An auxiliary equipment operator’s work will consist of controlling and maintaining a large array of equipment. The auxiliary equipment operator’s goal is to generate electrical power. The equipment being used can include generators, boilers, compressors, pumps, fans, turbines, and reactors. The work itself is going to be primarily physical. That is not to say this job does not include mental work since the skills necessary require much knowledge of how the equipment works, how to maintain it, and how to repair it. An auxiliary equipment manager is mostly going to work within power plants.
Some of the more important duties of the auxiliary equipment manager include controlling the machines and their processes, monitoring and inspecting the equipment for any errors, and identifying all elements of the task at hand, such as new information and change in circumstance. Critical thinking is also highly important within the duties of an auxiliary equipment manager. Problem solving, listening skills, and attention to detail are needed to be effective. Identifying an issue and utilizing critical thinking to fix it is a regular part of the job. The work environment is usually indoors in a power plant setting.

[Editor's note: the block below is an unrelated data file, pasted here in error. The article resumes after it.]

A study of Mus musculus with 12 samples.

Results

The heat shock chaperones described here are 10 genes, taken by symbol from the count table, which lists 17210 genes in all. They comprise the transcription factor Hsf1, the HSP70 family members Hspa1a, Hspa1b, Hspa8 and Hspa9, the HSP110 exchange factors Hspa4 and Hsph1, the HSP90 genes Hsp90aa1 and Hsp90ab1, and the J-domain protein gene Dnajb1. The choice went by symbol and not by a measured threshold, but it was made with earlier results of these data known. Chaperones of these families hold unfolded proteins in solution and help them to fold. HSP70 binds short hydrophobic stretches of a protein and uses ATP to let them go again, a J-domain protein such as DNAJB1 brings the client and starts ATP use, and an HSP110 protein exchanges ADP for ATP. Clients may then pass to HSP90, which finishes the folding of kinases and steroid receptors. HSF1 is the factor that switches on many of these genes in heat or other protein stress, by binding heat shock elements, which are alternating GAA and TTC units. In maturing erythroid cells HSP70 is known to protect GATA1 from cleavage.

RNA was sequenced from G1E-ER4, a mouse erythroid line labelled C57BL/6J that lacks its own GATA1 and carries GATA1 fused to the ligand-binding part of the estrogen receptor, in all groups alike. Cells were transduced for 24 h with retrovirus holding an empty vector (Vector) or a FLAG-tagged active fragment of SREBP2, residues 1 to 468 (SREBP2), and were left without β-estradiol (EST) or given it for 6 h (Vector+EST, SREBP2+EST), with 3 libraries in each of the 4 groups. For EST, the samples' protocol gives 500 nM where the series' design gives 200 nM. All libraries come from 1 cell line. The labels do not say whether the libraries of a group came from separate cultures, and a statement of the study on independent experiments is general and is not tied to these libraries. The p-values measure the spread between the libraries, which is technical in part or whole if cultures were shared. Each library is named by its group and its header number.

Auxiliary equipment operators will mostly interact with supervisors and subordinates. Teamwork will be a necessity, although interacting with customers is very rare. Post-secondary education is not usually required for an auxiliary equipment operator. A typical day will be spent monitoring, working at stations or machinery, and controlling equipment. Typical shifts last from eight to twelve hours since electricity is needed around the clock.
Auxiliary Equipment Operator Tasks
Adhere to all safety and environmental protection protocols and procedures.
Operate valves, rotating equipment, fly ash, lubricating systems, and more.
Monitor and operate power plant equipment.